Microsoft started off its 2016 fiscal year by implementing a change to its financial reporting structure. It now breaks down earnings into three distinct business units focused on productivity services, cloud, and Windows/devices. Here's how the quarter breaks down for each division:
Productivity and Business Processes
This division, which includes Office and Dynamics, generated $6.7 billion, which represents a decline of 2% year over year due to currency fluctuations. In constant currency, the division posted a 5% increase.
Revenue from Office 365, which increased nearly 70% year over year, accounted for the constant-currency revenue growth in this division. The cloud-based Office productivity suite also expanded to 20.6 million consumer subscribers in Q2.
On the company's quarterly earnings call, CEO Satya Nadella acknowledged the growth of Office on rival platforms. Skype for iOS and Android has more than 900 million downloads, he noted, and Office apps surpassed 340 million downloads in Q2.
This quarter also brought major changes to Dynamics, where revenue grew 11% year over year when measured in constant currency. Three-quarters of Dynamics CRM customers are deploying in the cloud, Nadella said.
Intelligent Cloud encompasses server products and services such as Windows Server and Azure.
Q2 continued to reflect the power of Nadella's focus on cloud, which has consistently been a strong source of revenue for the company. Revenue for the Intelligent Cloud division grew 5% to hit $6.3 billion, compared with $5.9 billion in the same quarter a year ago. In constant currency, revenue grew 11%.
Azure revenue skyrocketed 140% in constant currency, with revenue from Azure premium services tripling from one year prior. Cloud services and server products saw a 10% revenue increase.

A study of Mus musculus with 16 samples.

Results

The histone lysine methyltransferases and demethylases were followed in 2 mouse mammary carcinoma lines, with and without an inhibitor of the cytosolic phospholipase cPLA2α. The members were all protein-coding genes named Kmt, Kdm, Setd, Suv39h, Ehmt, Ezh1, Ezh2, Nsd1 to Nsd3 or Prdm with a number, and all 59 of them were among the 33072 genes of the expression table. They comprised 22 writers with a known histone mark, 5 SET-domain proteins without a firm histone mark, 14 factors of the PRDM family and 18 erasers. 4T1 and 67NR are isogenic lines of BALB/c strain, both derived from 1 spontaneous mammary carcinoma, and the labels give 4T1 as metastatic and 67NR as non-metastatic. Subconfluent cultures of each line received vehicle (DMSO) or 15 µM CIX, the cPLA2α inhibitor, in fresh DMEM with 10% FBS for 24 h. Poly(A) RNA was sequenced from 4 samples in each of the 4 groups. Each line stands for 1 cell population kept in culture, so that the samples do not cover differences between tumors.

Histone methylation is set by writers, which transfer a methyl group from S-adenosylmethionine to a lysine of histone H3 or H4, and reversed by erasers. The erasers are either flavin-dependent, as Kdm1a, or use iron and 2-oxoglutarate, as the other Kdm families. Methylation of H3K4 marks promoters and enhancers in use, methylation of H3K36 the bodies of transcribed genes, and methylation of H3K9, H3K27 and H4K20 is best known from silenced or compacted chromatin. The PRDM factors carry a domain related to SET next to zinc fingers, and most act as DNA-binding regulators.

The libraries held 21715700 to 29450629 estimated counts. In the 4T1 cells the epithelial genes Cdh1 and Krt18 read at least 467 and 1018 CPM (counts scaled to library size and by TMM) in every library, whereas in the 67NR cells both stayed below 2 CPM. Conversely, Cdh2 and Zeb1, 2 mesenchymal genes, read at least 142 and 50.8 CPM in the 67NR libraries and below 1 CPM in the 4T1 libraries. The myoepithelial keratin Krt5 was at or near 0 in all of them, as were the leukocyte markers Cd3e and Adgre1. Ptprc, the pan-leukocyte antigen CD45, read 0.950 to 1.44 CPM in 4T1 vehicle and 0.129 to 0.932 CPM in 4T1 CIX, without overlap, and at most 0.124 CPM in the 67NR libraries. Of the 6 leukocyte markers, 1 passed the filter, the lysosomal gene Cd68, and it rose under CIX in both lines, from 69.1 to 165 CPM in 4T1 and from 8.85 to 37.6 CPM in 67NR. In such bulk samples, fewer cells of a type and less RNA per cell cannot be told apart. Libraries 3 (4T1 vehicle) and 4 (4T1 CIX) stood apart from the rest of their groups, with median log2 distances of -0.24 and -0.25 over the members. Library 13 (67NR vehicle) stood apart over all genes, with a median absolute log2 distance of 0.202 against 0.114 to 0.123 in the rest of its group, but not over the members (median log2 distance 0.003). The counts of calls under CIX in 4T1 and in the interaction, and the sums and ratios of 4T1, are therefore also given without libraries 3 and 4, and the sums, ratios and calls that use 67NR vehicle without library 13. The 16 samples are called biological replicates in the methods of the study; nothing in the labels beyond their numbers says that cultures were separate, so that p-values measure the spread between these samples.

More than one-third of Fortune 500 companies have adopted Microsoft's enterprise mobility solutions, the company reported, indicating the number has nearly tripled year over year.
"The enterprise cloud opportunity is massive," said Nadella on the earnings call, describing the space as "larger than any market we have ever participated in."
More Personal Computing
The segment consisting of Windows, hardware, search, and gaming pulled in $12.7 billion in revenue, marking a decline of 5% year over year (down 2% in constant currency). OEM revenue fell 5% but still came out ahead of a struggling PC market.
Surface revenue boosted earnings for the more personal computing division. This was the best quarter for Surface to date, with $1.35 billion in sales. The release of Surface Pro 4 and Surface Book drove earnings.
The mobile segment, as expected, did not have as much success this quarter. Phone revenue toppled 49% year over year, the company announced, reflecting the change in strategy implemented in July 2015.
Windows 10 surpassed 200 million devices this quarter, said Nadella. Twenty-two million enterprise and education devices have upgraded to the new OS.
Search revenue was also up. As more people interact with Cortana, now built into the desktop on Windows 10, they are using Bing search services. The search engine now exceeds 21% of the search market share, due in large part to Windows 10 and Cortana engagement.